Insulin is continuously made and stored in special vesicles (little storage bubbles in the cells), ready to be released into the blood on certain stimuli.
The level of glucose in the blood is the main signal for releasing insulin from the pancreas. Protein, or more correctly amino acids, the break down products of protein in the food, will also trigger the release of insulin, but not in the same amounts.
When blood glucose rises, after a meal, the glucose will be taken up by the cells in the pancreas and through a complex signal pattern, insulin will be released into the blood stream. Insulin will facilitate the uptake of glucose by binding to special receptors that are located on cells all over the body. This binding will signal to the cell to bring channels (that are packed away in the cell) to the cell wall to transport the glucose into it.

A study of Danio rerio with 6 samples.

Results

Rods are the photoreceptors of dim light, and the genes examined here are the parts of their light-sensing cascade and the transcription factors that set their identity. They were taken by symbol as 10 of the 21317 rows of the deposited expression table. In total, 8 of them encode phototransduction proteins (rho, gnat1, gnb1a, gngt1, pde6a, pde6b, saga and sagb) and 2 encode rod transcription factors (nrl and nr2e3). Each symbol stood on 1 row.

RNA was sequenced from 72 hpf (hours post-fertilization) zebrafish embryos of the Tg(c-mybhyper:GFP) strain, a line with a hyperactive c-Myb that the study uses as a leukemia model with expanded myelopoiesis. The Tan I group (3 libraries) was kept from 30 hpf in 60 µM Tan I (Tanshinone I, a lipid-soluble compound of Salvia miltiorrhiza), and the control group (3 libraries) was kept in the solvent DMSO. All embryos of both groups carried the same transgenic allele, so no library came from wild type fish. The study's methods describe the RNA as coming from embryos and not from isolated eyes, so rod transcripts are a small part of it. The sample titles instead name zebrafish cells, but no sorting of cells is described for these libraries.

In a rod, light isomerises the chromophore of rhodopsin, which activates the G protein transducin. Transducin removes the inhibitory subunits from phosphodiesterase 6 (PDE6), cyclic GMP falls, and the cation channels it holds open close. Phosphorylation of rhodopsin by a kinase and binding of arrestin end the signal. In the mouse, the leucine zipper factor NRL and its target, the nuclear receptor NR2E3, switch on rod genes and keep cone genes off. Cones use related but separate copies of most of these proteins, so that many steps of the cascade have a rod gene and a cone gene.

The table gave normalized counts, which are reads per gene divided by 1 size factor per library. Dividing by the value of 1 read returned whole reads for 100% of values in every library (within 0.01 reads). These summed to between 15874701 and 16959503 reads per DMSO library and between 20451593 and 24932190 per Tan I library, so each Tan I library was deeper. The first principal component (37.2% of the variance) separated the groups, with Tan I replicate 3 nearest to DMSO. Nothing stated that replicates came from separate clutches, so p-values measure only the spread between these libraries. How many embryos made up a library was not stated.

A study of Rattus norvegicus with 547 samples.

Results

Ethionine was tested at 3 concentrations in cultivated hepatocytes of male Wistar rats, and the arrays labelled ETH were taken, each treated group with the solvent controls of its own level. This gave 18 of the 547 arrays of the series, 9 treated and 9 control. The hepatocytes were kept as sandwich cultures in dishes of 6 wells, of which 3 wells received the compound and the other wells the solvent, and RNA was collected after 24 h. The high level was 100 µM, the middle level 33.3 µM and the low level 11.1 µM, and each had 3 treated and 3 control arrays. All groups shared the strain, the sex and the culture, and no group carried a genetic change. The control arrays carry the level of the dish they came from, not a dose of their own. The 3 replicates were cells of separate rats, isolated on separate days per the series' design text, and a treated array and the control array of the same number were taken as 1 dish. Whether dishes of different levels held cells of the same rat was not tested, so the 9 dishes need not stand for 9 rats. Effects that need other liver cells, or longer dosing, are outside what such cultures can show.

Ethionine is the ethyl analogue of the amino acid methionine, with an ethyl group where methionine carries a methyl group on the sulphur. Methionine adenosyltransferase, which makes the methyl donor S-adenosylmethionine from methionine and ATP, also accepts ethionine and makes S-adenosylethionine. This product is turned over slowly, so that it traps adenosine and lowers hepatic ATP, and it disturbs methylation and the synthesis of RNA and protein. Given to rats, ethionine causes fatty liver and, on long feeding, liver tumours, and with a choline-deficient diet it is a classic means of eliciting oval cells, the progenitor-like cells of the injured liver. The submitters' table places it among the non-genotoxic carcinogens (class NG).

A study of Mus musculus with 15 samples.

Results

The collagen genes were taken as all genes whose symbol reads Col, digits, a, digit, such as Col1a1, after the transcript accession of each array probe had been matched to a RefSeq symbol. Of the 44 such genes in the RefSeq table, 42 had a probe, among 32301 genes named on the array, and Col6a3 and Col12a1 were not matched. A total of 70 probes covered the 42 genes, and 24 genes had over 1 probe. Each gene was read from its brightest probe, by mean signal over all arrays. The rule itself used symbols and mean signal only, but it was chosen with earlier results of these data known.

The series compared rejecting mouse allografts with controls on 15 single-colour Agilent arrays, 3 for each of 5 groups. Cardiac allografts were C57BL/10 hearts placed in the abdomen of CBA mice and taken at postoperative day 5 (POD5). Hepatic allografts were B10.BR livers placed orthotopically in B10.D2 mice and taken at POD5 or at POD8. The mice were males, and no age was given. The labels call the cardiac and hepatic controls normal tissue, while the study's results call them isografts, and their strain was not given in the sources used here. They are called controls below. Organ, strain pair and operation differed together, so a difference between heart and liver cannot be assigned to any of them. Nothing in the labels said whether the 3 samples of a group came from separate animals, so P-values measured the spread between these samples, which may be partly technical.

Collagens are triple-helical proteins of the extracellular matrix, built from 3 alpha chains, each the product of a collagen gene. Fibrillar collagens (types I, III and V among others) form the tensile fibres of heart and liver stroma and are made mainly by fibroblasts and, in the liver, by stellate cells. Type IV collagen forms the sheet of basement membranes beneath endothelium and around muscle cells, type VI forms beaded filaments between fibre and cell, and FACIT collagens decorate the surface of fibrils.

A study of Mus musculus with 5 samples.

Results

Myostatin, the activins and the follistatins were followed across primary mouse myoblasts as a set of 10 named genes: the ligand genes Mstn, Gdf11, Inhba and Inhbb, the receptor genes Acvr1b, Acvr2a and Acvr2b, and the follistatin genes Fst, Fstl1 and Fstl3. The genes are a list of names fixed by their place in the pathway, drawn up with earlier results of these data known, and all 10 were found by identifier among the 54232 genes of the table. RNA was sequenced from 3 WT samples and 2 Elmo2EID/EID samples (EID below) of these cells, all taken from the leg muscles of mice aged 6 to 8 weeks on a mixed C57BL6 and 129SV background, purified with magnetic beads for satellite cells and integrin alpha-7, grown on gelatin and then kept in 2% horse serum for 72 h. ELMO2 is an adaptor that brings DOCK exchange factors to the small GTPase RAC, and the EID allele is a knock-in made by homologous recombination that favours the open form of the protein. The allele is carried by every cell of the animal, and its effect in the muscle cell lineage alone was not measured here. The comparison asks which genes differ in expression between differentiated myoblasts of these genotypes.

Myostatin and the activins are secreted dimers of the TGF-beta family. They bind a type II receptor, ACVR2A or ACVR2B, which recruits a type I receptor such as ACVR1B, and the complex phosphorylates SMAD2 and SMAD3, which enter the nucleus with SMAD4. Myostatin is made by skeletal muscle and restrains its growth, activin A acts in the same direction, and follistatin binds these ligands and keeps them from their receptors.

Most cells in the body have these channels, and they are most abundant in muscle and fat cells. Insulin also promotes the storage of energy by signaling to the muscle cells to convert the glucose to glycogen and to the fat cells to make triglycerides (fat).
Insulin is needed for the uptake of glucose into the cells, without its signals the channels won’t reach the cell membrane and glucose remains outside, in the blood stream. Some glucose will still be taken up by muscle, when exercising, because using the muscles will have the same effect as insulin on the cells, but in much lesser extent and not enough to clear the blood stream after a full meal.